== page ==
Much of the recent interest in infrastructure as an asset class has been triggered by highly publicised government promises to increase spending on infrastructure projects.
In the UK, Crossrail is the biggest construction project underway in Europe and is expected to cost £14.8bn to deliver.
Across the Atlantic, one of the main pledges of President Trump’s campaign was additional money to be allocated to infrastructure projects.
Nick Edwardson, multi-asset investment product specialist at Kames Capital, observes: “Significant promises have been made by politicians in many of the notable political campaigns of the last 12 months, for example to ‘make America great again’ by spending $1trn, or to boost UK national output by raising infrastructure spend by 50 per cent (from 0.8 per cent to as much as 1.2 per cent of GDP).
"These have raised investor expectations. That these promises have largely been delayed, pushed back and/or overcome by events has not gone unnoticed either.
"And it’s not all a one-way bet – [French president] Macron’s government is considering reducing France’s proposed €34bn infrastructure plan in order to meet budget deficit targets through spending cuts rather than tax rises.”
At the same time, the asset class has entered the mainstream, although it is still considered an alternative investment and will not be suitable for all advisers’ clients.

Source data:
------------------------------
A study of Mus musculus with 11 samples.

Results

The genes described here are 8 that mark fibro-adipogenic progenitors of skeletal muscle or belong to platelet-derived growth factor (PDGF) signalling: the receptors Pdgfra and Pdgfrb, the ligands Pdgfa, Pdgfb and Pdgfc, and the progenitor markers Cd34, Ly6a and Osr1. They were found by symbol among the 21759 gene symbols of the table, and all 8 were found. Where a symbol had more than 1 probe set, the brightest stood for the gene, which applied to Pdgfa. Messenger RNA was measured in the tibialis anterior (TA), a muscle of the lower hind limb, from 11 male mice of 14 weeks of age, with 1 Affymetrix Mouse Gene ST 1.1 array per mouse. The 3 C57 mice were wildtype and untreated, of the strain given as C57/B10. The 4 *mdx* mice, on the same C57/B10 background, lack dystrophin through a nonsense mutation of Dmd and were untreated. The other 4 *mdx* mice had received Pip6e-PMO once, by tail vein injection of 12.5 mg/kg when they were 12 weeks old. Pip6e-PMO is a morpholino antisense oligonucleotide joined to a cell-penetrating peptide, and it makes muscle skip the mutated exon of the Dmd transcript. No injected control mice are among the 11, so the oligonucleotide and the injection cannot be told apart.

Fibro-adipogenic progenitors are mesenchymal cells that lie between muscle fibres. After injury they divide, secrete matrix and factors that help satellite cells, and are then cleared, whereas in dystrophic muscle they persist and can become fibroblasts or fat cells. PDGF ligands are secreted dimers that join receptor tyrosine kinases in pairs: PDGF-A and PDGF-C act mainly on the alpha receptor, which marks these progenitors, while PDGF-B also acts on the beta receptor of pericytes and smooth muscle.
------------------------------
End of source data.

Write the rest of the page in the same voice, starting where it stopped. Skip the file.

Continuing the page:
Enter the mainstream
Ben Morton, portfolio manager of infrastructure portfolios at Cohen & Steers points out Morningstar recently created a standalone global listed infrastructure category in response to the growing acceptance of infrastructure as an asset class, while several indexes have been developed to benchmark the asset class.
“Global listed infrastructure has passed several milestones as an asset class. We believe investors are recognising the portfolio benefits of an infrastructure allocation at a time when calls for infrastructure spending are growing louder around the world,” he notes.
There are several reasons why infrastructure is an appealing investment, not just to do with the recent coverage it has had in political campaigns.
Infrastructure can also be an extremely useful diversifier in a portfolio and can provide a fairly reliable income stream.
Infrastructure’s inflation linkage is proving particularly appealing to UK investors as the consumer price index (CPI) hit 2.9 per cent in May, dropping back down to 2.6 per cent in June and remaining at the same level in July, but still above the central bank’s 2 per cent target.
In an inflationary environment, an investment which is potentially inflation beating is going to be popular among investors.
The asset class also has other attributes, as Alex Scott, deputy chief investment officer at Seven Investment Management explains: “Infrastructure can mean different things to different people, but most definitions have a common thread at their core.